BWe Special Issue

Theme: Accelerated Learning in Basic Writing:
Investigating the Successes and Challenges of ALP Models

Submissions due March 15, 2016

Guest Editors: Leah Anderst, Jennifer Maloy, and Jed Shahar
Queensborough Community College, CUNY

Click here for a PDF version.

This special issue of BWe will focus on accelerated models of basic writing and college composition, particularly the Accelerated Learning Program (ALP) model envisioned by Peter Dow Adams and his colleagues at the Community College of Baltimore County (CCBC) (Adams, et al.). Within the ALP model, students identified as needing a basic/developmental writing course enroll in a sequence of two credit-bearing college writing courses while attending a linked (non-credit) companion course to support their learning. The educational benefits for students and the cost benefits for colleges have led more than 200 colleges and universities to establish ALP programs.

Current research on ALP models focuses on quantitative analyses of large student cohorts in order to explore student retention and academic performance (Cho, et al.). Few publications contextualize accelerated learning in basic writing scholarship or focus on political implications of adopting ALP models in light of current pressures to reduce or eliminate remediation. Also absent from discussions of ALP are qualitative research studies that explore student perceptions of learning and experiences as developing writers.

To address these gaps, we seek submissions that contextualize accelerated learning within larger conversations in composition studies and basic writing theory and history and that present analyses of issues in administration, research, theory, and practice.

We hope to publish a combination of print essays (5,000 to 10,000 words) and digital texts that focus on both the possibilities and the drawbacks of accelerated learning programs within the field of basic writing. Manuscripts will be accepted through March 15, 2016.

BWe is a peer-reviewed online journal that welcomes both traditional and multi-modal texts. Submission guidelines for formatting print essays and webtexts appear on the BWe Website:  http://bwe.ccny.cuny.edu/ . The editors welcome queries from prospective authors before the deadline. These should be emailed to the three editors at:

LAnderst@qcc.cuny.edu

JMaloy@qcc.cuny.edu

JShahar@qcc.cuny.edu

We welcome submissions that respond to any of the following questions:

Discussions of accelerated learning program design and administration:

  • What challenges do institutions, instructors, and students face when implementing accelerated learning programs?

  • What challenges and opportunities exist as an accelerated learning model expands and grows?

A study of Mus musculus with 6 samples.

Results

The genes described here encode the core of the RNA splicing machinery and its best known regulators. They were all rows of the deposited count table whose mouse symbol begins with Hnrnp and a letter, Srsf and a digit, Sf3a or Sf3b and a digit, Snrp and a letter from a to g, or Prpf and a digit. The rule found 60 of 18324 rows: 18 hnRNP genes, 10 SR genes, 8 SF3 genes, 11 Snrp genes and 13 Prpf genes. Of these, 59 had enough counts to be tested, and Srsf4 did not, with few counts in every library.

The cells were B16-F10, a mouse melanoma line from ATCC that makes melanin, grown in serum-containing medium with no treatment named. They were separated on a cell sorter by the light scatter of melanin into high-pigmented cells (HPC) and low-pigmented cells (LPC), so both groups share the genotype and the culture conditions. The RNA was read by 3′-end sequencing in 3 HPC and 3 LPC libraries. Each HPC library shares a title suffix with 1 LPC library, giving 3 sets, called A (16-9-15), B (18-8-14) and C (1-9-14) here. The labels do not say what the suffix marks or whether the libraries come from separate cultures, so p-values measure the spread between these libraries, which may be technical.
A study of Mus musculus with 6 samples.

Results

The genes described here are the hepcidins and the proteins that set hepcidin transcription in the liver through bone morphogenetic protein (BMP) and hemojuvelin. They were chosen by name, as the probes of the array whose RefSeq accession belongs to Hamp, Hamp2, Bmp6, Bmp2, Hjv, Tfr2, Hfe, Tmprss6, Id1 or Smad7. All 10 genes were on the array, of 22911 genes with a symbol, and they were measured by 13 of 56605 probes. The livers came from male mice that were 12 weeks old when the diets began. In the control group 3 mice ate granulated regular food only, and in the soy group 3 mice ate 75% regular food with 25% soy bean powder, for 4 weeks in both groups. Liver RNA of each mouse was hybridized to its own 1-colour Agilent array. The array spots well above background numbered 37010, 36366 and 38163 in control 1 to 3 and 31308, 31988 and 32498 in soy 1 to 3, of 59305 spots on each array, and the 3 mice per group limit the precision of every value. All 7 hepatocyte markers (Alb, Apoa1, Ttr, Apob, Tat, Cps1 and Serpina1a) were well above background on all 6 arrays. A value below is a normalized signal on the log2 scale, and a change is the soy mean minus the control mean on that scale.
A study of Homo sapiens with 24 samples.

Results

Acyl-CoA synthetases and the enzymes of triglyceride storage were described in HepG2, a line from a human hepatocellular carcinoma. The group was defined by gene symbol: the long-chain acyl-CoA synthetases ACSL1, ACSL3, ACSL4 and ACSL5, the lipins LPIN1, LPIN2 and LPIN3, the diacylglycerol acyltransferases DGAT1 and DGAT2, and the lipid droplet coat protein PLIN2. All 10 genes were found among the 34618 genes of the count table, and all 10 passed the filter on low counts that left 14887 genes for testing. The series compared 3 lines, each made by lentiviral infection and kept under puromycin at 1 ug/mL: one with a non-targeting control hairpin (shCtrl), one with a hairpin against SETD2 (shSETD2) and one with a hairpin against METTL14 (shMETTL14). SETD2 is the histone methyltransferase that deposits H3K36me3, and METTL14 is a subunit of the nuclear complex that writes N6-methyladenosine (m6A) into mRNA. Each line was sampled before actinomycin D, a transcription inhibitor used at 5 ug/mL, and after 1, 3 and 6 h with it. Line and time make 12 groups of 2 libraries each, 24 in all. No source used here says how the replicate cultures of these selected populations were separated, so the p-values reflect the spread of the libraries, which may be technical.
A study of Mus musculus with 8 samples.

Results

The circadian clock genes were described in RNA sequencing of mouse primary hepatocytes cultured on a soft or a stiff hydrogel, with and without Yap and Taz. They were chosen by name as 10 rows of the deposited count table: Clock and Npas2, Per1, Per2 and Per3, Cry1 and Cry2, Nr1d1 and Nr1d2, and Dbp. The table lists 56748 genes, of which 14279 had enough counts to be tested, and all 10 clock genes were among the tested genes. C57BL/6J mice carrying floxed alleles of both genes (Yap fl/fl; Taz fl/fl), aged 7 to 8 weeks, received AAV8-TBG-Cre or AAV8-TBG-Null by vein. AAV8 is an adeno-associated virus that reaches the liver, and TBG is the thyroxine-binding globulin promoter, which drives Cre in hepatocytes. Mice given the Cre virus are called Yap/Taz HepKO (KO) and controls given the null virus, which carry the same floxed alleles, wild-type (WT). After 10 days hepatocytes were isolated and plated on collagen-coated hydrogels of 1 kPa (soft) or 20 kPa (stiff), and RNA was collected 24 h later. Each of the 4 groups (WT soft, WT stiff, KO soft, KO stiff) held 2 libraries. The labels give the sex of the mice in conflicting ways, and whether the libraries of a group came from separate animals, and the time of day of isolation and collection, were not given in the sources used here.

• In what ways does acceleration promote interdisciplinary and cross-departmental collaboration?

  • How has the ALP model, initially developed at the Community College of Baltimore County, been adapted to fit the needs of a variety of institutions?

  • In what ways does the increased adoption of accelerated learning models mirror other curricular innovations in developmental education?

  • How do differing models of acceleration relate to larger national discussions of developmental education and/or standardization?

Investigations into the successes and challenges of accelerated learning:

  • What are the outcomes of accelerated learning models, both short term and long term?

  • In what ways can we measure and assess accelerated learning outcomes?

  • In what ways has the success of models such as ALP been replicated?

  • What aspects of the model contribute to its relative successes?

  • What are some of the limitations of accelerated learning models for students and instructors?

  • Which students most benefit from accelerated learning and which do not? (students with extensive developmental needs, English language learners, bilingual and multilingual students)

  • What kinds of assignments and classroom practices best serve accelerated learning models?

  • How do accelerated learning models help students bridge the gap between developmental and “college level” courses?

Theory, History, and Politics of ALP:

  • What is the place of accelerated learning within the field of composition and rhetoric, and within history of developmental education and basic writing?

  • What connections does accelerated learning have to other alternatives to or innovations in developmental education? (mainstreaming, studio programs, stretch programs, etc.)

  • In what ways is accelerated learning connected to the Common Core, increased standardization, or recent cuts to developmental education?

  • In what ways does accelerated learning impact the writerly identities of “basic” writers and “ESL” students?

  • How do accelerated learning programs respond to the “gatekeeping” function of basic writing?

Works Cited

Adams, Peter, et al. "The Accelerated Learning Program: Throwing Open the Gates." Journal of Basic Writing 28.2 (2009): 50-69. Print.

Cho, Sung-Woo, et al. "New Evidence of Success for Community College Remedial English Students: Tracking the Outcomes of Students in the Accelerated Learning Program (ALP). CCRC Working Paper No. 53." Community College Research Center, Columbia University (2012): ERIC. Web. 6 Apr. 2015.